Local church anticipates a great turn out for its Martin Luther King Jr. celebration
COLUMBIA - The NAACP will sponsor a walk in remembrance of Martin Luther King Jr.'s birthday on Monday.
The walk is motorcade, where vehicles drive from Martin Luther King Jr. Memorial at battle garden to Second Missionary Baptist Church.
NAACP president of the Columbia chapter Mary Ratliff said she knows it will be a great turn out.
"We have continued it, we've never missed, we've been out there ice rain sleet or snow," said Ratliff.
She said they never have to worry, people come every year.
Ratliff also said They go all out to visually show their appreciation.
“We put a picture of Dr. King on each car window, it’s very impressive," She said.
Ratliff said she is appreciative for the site.
"So we go there in memory of Dr. King to celebrate his birthday every year at 11 o'clock on his birthday and we have a very short program there thanking God for the site, the city and the citizens for thinking enough of him to establish this cite," Ratliff said.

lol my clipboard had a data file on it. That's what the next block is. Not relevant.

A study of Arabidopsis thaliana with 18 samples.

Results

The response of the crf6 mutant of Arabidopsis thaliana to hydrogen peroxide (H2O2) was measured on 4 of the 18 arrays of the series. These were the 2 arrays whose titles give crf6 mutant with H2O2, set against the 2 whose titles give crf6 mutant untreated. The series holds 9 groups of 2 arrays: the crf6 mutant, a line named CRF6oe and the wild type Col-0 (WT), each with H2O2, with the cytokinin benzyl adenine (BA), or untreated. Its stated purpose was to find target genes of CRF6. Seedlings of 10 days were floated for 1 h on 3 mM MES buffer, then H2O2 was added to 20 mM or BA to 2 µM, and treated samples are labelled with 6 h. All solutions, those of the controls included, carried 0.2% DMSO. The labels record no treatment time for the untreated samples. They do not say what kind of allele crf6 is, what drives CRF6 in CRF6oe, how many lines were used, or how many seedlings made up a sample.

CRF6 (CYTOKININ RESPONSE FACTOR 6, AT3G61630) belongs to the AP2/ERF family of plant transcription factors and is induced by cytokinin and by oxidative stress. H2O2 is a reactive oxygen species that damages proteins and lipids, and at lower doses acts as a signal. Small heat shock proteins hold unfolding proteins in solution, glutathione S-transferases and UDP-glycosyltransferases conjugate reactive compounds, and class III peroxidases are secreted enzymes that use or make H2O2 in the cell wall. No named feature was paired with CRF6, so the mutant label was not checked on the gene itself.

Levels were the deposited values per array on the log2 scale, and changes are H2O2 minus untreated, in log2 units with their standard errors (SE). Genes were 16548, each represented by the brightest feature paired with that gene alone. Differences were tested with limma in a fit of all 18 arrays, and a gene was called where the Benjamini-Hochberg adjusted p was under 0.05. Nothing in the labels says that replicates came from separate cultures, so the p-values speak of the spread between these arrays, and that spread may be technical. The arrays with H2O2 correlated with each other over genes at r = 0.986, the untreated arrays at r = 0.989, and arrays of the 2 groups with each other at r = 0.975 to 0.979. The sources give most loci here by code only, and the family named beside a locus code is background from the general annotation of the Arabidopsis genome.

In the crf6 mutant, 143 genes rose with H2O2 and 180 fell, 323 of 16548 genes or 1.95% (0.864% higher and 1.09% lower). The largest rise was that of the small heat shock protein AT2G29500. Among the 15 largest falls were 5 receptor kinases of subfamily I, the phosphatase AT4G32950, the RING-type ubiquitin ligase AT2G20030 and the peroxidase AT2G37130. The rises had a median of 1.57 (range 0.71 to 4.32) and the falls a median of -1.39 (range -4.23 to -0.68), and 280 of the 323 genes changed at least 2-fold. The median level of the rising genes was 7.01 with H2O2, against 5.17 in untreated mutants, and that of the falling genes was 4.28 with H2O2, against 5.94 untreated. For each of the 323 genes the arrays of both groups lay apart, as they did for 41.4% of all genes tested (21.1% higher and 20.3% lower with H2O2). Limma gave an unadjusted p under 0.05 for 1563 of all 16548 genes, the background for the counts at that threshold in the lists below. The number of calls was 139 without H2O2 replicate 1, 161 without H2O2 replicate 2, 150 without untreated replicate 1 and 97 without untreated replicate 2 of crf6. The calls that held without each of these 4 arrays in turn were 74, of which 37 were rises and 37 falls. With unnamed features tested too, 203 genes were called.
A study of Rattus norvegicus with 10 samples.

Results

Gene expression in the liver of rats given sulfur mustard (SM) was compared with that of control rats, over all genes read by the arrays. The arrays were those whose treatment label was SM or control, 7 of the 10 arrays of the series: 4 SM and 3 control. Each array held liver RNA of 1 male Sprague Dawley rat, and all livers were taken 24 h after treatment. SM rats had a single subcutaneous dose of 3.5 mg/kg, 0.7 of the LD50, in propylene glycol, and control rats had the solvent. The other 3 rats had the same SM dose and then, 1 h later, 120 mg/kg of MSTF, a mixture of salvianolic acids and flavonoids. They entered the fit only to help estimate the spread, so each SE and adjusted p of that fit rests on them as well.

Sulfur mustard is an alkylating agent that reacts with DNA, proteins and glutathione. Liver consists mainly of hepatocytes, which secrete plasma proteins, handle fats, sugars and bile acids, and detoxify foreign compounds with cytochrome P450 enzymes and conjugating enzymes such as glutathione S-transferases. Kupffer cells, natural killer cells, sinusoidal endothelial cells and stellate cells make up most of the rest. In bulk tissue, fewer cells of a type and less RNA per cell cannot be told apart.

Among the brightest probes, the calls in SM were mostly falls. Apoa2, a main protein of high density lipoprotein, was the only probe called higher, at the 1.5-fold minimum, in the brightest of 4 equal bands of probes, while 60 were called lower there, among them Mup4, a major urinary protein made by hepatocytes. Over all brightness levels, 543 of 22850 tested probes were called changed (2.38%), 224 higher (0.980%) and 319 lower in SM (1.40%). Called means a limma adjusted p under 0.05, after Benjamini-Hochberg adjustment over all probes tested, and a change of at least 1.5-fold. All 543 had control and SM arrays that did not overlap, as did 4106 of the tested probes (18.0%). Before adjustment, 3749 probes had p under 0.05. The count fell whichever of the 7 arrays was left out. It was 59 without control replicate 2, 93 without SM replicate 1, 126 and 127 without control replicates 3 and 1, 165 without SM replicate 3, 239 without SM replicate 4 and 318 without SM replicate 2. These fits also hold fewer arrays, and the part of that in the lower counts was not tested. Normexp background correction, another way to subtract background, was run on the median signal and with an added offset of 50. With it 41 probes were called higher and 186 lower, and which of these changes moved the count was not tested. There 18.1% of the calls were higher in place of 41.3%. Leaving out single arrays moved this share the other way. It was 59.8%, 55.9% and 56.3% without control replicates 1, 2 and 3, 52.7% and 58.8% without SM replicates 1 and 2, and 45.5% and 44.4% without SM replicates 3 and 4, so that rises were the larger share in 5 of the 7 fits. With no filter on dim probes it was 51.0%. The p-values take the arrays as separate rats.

After the trail, the church will have a program with a key speaker.
Ratliff said King's legacy means, “I can first say everything, I have the fire in my belly to make things different for civil right, and I think that you have to, and I am so appreciative of the sacrifices that people like Dr. King, Dr. King and many others, but Dr. King was one of the ones who gave his life so that we might free."
She said we must remember the hardships King went through to make the world a better place.
"This great man was able to sacrifice so very much that the little bit that we get, the little bit that we do, there is no way or no comparison from the few little things that we do. When it was so dangerous for him, and them back in the day... as those people walked out there everyday knowing that they were being targeted to be killed," Ratliff said.
Church attendee Cherie Belcher said she feels the same way.
“It’s a celebration of a major accomplishment, it’s a celebration of our freedom of our advancement things we are striving to overcome still today. When I think about the civil rights movement and where we were and where we are now, we have come a long way," said Belcher.
Belcher usually spends her time watching television with her loved ones, but plans on attending the walk if the weather isn't too bad.